What Not To Say

March 19, 2014

 

It’s part of the human condition. Every once in a while, usually without malevolent intent, we allow a thoughtless remark to leap off our tongues and speed past our lips. Once released into the atmosphere, the remark stings and sometimes consequences follow.

Even established professionals can be tripped up by such a remark. Consider the case of Ellen Degeneres, the genial, Oscars-hosting comedian and daytime talk show host. Known for an interview style that allows her guests to shine, viewers report they find it nearly impossible not to like the openly gay, female host with a pixie haircut who urges her viewers to “be kind to one another.”   

This may explain why so many people expressed surprise at Ellen’s callout to Liza Minnelli during this year’s Oscars opening monologue. Looking at the 68-year old “Cabaret” star, Degeneres said, “Hello to the best Liza Minnelli impersonator I’ve ever seen,” adding, “Good job, sir.” The barb fell flat with the live audience and incited a uniformly negative reaction on social media.

The event serves as the perfect reminder that few skills can be more important than knowing when not to say a single thing.

 

What not to say

What should you avoid saying at work?

Everyone at work, including students, interns, and new professionals, should avoid saying anything that might be perceived as racist, sexist or showing a lack of tolerance. Additionally, before you speak, develop some sensitivity to others’ emotional states and their hot button issues.

This means you should be particularly cautious before delivering a pithy joke with a cutting punch line. Avoid any sort of practical joke that might embarrass or humiliate a coworker or colleague. It's bad business etiquette. Further, you may need to work with this person for years, and making a colleague look silly or less than professional will not facilitate a good working relationship.

With regards to your boss, avoid saying anything that might call into question your loyalty. Even when your boss makes a decision with which you disagree, unless that decision is illegal or immoral, support your boss. Never criticize your supervisor or boss publicly, especially among your peers.

As to other work colleagues, in the course of your day-to-day work, disagreements will arise. When they do, it’s critical that you avoid snarky remarks that may hinder a business relationship instead of facilitating it.

Caveat: If someone says or does something that you believe to be a threat to your safety, immediately meet with your supervisor and a representative of the organization’s Human Resources department.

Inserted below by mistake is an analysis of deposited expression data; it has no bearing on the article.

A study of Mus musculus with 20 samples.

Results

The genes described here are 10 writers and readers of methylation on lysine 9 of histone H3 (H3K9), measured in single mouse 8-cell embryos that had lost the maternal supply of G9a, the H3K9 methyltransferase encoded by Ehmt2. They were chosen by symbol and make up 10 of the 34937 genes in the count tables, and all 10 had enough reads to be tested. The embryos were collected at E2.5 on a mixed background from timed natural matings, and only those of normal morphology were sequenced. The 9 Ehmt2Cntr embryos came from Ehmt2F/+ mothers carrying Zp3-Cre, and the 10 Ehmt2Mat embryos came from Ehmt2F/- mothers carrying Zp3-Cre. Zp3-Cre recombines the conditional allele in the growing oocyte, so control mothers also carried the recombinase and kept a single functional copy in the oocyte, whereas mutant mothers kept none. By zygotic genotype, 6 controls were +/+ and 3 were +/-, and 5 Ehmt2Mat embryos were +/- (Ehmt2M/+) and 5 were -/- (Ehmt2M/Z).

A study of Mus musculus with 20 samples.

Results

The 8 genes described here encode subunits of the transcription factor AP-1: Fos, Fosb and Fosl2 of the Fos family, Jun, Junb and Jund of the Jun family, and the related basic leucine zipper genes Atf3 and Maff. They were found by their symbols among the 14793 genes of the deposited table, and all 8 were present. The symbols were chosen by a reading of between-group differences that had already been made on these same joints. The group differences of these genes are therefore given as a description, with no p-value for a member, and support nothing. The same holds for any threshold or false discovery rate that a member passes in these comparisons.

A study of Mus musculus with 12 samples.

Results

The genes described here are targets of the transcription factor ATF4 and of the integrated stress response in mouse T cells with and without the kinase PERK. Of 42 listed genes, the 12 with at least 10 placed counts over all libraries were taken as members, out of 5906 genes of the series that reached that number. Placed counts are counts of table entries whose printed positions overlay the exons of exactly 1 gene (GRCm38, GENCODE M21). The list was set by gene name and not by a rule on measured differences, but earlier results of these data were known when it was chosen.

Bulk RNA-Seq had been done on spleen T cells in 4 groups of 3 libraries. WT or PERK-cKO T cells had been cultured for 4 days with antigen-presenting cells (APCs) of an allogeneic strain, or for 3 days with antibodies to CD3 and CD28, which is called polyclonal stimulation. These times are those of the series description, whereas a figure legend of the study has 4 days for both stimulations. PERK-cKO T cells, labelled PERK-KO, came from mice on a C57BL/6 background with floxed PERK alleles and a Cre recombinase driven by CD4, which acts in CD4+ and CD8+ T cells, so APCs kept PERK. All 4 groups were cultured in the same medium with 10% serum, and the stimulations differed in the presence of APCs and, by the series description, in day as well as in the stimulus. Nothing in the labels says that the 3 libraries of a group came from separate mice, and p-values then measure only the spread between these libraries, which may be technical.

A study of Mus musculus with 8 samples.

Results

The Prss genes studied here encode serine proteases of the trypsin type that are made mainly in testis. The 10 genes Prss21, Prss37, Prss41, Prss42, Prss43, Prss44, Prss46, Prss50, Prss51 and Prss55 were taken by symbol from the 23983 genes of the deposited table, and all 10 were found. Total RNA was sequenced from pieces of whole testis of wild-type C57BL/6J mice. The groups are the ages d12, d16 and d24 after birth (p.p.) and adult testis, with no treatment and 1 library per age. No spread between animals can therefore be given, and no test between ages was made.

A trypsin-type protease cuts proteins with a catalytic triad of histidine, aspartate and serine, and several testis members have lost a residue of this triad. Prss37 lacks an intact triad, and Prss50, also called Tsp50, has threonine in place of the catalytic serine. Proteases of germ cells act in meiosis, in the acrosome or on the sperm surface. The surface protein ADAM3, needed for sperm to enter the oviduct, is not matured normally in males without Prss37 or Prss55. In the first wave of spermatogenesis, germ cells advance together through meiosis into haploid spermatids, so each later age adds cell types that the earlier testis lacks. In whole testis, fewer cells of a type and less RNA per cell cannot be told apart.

Toss-off phrases to avoid

In addition to the above, entrants to the world of work should avoid a whole slew of toss-off phrases that tend to creep into conversations unconsciously. Though the use of any one of these phrases is unlikely to offend a coworker or supervisor, they can hamper the student, intern or new hire who needs to position himself or herself as an up-and-coming professional.

Among the phrases that can rub an employer the wrong way are the following:

1. “It’s not fair.” Welcome to the real world. Life’s not fair. Some people are born with great looks, superior intelligence, and family fortunes. The rest of us struggle to keep pounds off, need to hit the library to study hours on end, and are more likely to make purchases at the local thrift shop than at Tiffany’s. Accept reality and move on. Instead of whining and complaining about another boring document review or the pittance of a raise you just received, build a substantive case that clearly demonstrates your abilities and/or worth. Then, present that case to people who can act on it.

2. “That’s not my job.” Especially when you enter the world of work, anything anyone asks you to do is “your job.” No matter how insignificant you think the request may be it’s undoubtedly important to the person who assigned the task. Please note, this doesn’t mean you must accept every assignment. If your plate at work is genuinely full, it’s always appropriate to look at a supervisor and say in a pleasant, non-argumentative voice, “I’m currently working on these three projects. If I take on this new assignment, we’ll need to reprioritize some of my other work. How shall we accomplish that?”

3. “I’ll try.” This sounds harsh, but it’s the reality of many workplaces still emerging from the Great Recession: “Trying” is a lovely thing. However, professionals are judged by the results they deliver. Focus on producing results and use language that communicates your understanding of assignments and a commitment to return with results rapidly.

4. “I’ve always done it this way.” Today’s workplaces require supreme flexibility. Everyone needs to adjust to the exigencies of changing circumstances, the preferences of certain supervisors, and most importantly, the needs of unique clients. In such an environment, doing the same task one way all the time is a recipe for disaster. Be open to the possibilities. Show a willingness to learn new processes and procedures.

5. “No problem.” When you turn in an assignment and the recipient says, “Thank you,” please avoid responding, “No problem.” Those two little words immediately devalue the assignment and the work you’ve done. In fact, if you utter these words without thought, I’m willing to bet you’ll eventually encounter a supervisor who will answer back, “Well, it was a problem for me, and that’s why I assigned it to you.” When someone says, “Thank you,” simply respond, “You’re welcome.”

 

What You Need To Know

Successful students, interns and new hires think before they speak. They consciously avoid saying anything that might offend others and limit the use of toss-off phrases.